Above: Roller song contest amateur and champion classes are for unflighted birds bred in the summer prior to the show season. The birds must be owned, bred and trained by the exhibitor and wear an approved current-year closed ring, issued by the BRCA or NRCS to that exhibitor
THE LONG-HELD TRADITION of roller canary song contests is under threat from “falling numbers of members and birds bred”, warns the British Roller Canary Association (BRCA).
In a letter recently sent to affiliated members, the BRCA urges for keepers of rollers to exhibit their birds or face a “make or break situation”. The letter states: “Every member and bird counts in ensuring this more than a century-old tradition survives.”
Leeds Northern RCC and Wigan RCC constitute the BRCA. Jim Stidworthy, who is the secretary of Wigan RCC, explained: “A competition season of 17 shows between November and March, including four in Ireland, plus end-of-season winners’ song contests for BRCA News of the World and National Roller Canary Society (NRCS) Grand National trophies, places high demands on the remaining breeders as they try to keep the minimum class numbers entered.”
As the 2019/20 contest season approaches, the BRCA is encouraging all members to put into training and contest as many cocks as possible to make qualifying classes of a minimum 30 birds for the judges. The BRCA says this will “maintain the continuing uninterrupted award of the full range of BRCA trophies for amateur, champion and any age [AA] birds.”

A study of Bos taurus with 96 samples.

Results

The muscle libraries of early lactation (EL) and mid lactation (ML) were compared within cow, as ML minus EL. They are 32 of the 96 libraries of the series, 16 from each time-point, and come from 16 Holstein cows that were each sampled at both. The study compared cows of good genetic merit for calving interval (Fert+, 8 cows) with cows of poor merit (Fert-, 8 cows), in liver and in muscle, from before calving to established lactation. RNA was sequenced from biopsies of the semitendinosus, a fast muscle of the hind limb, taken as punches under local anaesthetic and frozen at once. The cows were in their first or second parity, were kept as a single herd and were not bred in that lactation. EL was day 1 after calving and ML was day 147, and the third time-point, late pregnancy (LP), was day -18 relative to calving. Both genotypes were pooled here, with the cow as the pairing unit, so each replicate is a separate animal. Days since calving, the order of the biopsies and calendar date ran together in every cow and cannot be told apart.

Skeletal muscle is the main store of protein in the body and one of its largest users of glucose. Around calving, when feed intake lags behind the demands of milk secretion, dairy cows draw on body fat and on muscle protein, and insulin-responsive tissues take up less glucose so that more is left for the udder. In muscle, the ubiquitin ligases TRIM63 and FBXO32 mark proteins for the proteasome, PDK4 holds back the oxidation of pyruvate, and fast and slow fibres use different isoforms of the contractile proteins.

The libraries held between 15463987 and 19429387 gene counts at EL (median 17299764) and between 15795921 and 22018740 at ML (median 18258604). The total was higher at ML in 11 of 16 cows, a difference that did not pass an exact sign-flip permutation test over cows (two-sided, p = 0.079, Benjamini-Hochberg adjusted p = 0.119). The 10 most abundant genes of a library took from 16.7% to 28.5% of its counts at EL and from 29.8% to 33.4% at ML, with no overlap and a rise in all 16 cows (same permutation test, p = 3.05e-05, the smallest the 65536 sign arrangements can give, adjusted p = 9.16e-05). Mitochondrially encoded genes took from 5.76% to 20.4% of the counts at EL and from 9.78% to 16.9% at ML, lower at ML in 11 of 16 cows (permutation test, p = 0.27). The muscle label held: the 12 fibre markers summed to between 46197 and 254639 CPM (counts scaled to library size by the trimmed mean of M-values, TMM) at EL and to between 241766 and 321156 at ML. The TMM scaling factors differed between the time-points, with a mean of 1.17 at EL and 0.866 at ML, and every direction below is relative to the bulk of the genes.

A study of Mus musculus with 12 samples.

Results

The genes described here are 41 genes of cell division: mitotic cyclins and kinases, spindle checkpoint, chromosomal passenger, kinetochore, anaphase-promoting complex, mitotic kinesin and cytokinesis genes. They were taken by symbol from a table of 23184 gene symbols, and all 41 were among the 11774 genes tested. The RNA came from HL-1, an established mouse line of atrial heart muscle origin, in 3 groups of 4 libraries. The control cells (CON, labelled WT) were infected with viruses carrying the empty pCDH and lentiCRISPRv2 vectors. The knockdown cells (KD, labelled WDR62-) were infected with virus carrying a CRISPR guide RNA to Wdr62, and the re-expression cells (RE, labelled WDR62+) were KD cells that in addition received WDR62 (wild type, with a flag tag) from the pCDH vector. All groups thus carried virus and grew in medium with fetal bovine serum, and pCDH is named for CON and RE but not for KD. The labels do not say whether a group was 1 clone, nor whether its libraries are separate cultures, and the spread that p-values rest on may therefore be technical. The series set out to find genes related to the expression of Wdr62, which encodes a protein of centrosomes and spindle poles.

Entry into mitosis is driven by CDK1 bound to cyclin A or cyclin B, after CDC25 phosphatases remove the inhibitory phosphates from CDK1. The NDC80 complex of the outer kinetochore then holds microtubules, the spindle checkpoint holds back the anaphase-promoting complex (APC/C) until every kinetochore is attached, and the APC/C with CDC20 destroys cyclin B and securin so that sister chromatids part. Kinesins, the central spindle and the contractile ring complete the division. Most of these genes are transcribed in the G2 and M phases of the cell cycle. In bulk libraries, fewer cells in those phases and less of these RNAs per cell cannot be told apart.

Rollers may be entered in amateur, champion or AA classes, and by BRCA rules these may be combined. However, a qualifying class of combined amateur and AA birds depends on a sufficient number of AA birds supplementing the limited numbers of amateur birds being bred and trained.
In roller canary song competitions, appearance counts for nothing and performance is everything. Individual classes, of minimum 30 to 60 birds, are judged four birds at a time for their allotted 30 minutes. Judges award points to individual birds against their renditions of 12 possible song elements known as rolls and tours.
The BRCA’s letter continues: “It now remains for us to keep faith and make every effort to ensure enough birds are entered to justify the judges’ long distance travelling and time.”
TO ENTER rollers in competitions, or to order rings, a fancier must be a member of an affiliated club (see below) and have paid an annual affiliation fee to the body from which the rings are ordered.
• British Roller Canary Association
Secretary Irene Westmoreland, tel: 01977 515 754.
• National Roller Canary Society
Secretary Frank Rowley, tel: 01922 691 887.
• Wigan Roller Canary Club
Secretary Jim Stidworthy, tel: 01706 841 074.